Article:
Acadia National Park in its entirety is not something that can be experienced over the course of a day, or even in the six weeks that we will have here on Mount Desert Island. The patchwork of land stretched out over the island and into the surrounding region can only be experienced in disjointed bits and pieces, and the circulation systems that exist within the park perpetuate this disjointedness even as they make understanding and appreciating the vast resource more achievable. The motor and carriage roads, along with the hiking trails move past and across each other over the island’s varied landscape, allowing people to traverse large portions of the park. But while the routes are connected, they are designed almost to a fault. Each system was designed for its user and each has its own pace and measure which set it apart from the others.
The motor road was designed for the car. Its smooth and sweeping curves take you around the island at the fastest pace. As the road moves through the trees, along the coast and on mountain ridges, visitors experience the landscape’s depth rather than its focus. The vistas and scenery on display along the routes are best experienced in motion. They are on the grand scale, breathtaking and vast, and yet people still deviate from the ideal course, pulling off the road at overlooks, trying to focus in on details that are best appreciated at a different scale and at another speed.
The carriage roads are equally specialized. They are best experienced in conjunction with each other. One carriage road by itself does not provide a complete experience. The many bridges and other points of interest along the roads have value in being a part of a larger system, and the way they are spaced dictates the speed of travel. The features are just too far apart for someone on foot to appreciate. The impression of one feature fades before the next feature can be reached, and the path is too unvarying to make the journey between features a new experience in itself at slow speeds. The carriage roads are best seen by bike or through the novelty of a carriage ride.
We spent the majority of our time on the last of the circulation types, the hiking trails. Here, everything slows down and comes into sharper focus. On the trails, hikers can’t simply glide through the landscape. In addition to the many anticipated stops at overlooks, pauses along the trail become a necessity as portions of the trails move up rock faces and over large boulders. Hikers have a more direct contact with the landscape, using trees as handholds to navigate steeper slopes or rocks as stepping stones across a stream. On the trails, small changes are more noticeable: thinner canopies shift to thick screens and the light dims, forest gradually gives way to open cliff, the familiar lichen-covered pink granite is suddenly interrupted by bright, newly-laid stone. The trails move at the slowest pace, but they offer the most detailed view of the park.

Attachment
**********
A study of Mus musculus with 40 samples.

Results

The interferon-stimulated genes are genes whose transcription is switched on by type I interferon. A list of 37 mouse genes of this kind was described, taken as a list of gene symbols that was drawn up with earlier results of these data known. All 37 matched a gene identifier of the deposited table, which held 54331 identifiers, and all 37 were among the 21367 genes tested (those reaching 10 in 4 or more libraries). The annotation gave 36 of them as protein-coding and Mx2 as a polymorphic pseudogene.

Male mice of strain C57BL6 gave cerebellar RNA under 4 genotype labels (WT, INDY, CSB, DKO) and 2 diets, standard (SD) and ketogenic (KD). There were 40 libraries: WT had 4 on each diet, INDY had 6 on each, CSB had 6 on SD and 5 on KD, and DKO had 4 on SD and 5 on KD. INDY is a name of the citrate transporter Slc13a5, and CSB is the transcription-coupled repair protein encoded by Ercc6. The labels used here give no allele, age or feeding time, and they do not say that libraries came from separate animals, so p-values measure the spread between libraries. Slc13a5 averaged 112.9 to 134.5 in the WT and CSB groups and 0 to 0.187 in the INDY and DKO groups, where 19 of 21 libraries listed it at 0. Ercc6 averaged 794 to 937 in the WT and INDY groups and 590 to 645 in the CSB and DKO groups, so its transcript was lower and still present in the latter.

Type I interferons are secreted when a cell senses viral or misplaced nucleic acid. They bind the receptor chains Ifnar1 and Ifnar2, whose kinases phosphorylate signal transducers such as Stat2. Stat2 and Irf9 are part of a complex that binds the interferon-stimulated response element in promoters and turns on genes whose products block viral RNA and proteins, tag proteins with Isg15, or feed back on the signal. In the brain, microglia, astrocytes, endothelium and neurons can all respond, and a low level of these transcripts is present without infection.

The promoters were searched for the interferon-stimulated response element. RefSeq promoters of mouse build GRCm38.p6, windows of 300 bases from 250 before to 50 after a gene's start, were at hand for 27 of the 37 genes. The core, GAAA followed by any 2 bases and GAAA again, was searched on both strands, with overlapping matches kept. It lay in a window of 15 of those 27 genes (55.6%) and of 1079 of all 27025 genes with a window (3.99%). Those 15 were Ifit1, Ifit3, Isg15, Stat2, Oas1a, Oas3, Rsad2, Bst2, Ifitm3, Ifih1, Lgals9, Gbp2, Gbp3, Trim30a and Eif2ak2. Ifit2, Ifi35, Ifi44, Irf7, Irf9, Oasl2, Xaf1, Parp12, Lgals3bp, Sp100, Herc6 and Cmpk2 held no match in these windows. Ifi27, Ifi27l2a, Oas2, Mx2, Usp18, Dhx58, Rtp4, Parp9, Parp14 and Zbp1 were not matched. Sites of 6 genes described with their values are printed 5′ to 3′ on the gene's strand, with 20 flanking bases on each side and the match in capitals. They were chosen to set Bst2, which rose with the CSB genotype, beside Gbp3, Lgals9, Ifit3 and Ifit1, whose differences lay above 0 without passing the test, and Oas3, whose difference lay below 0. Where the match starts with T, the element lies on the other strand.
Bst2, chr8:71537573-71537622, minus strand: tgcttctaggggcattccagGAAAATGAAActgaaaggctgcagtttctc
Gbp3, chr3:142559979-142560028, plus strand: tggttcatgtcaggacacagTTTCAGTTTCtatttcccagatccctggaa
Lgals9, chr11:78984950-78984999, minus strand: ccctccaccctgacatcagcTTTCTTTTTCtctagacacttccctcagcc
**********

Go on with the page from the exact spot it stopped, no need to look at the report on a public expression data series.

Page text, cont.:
During our inventorying, we experienced the trails in two different ways and at different speeds, further refining our impression of the park. On the first trip, we moved slowly, agonizingly so in places where the work was complicated by portions of the trail that had been worked on by nature or by human hands. We saw the trail in highly defined terms and characterized it based on the job at hand through measurement and documentation. On the second trip, we sped up the pace, turning our attention to new values. We evaluated the trail in terms that weren’t biased by our physical ability to traverse its span and its elevation. We looked at the complete length of a trail and reflected its place in the park and categorized it based on our impressions. Was it a woodland trail or a mountain trail? Did it serve to connect other trails or did it lead to a certain destination? Was it defined by its natural features or its built elements? We placed the trails into the larger network, taking the sharp clarity we had gained from our first trip and blurred the edges in order to meld the experiences from all our hikes together into a complete picture of what the hiking trail system in Acadia National Park has to offer.
In the history of the park, the three systems have not always received the same level of care, one system taking precedence over the others. However, based on our experience in these last five weeks, the park seems to have reached a satisfying level of equality, balancing the needs of those using the motorway, the carriage roads, and the hiking trails. Visitors have a wide variety of options, and they can choose their method of travel and their course with the assurance that they will be able to get where they want to go with relative ease and safety within the time they have. Additionally, the distinct identity of each system, sets them apart from each other and creates a unique user experience within Acadia, where visitors can experience the park in three separate and highly defined ways or create a hybrid experience of their own.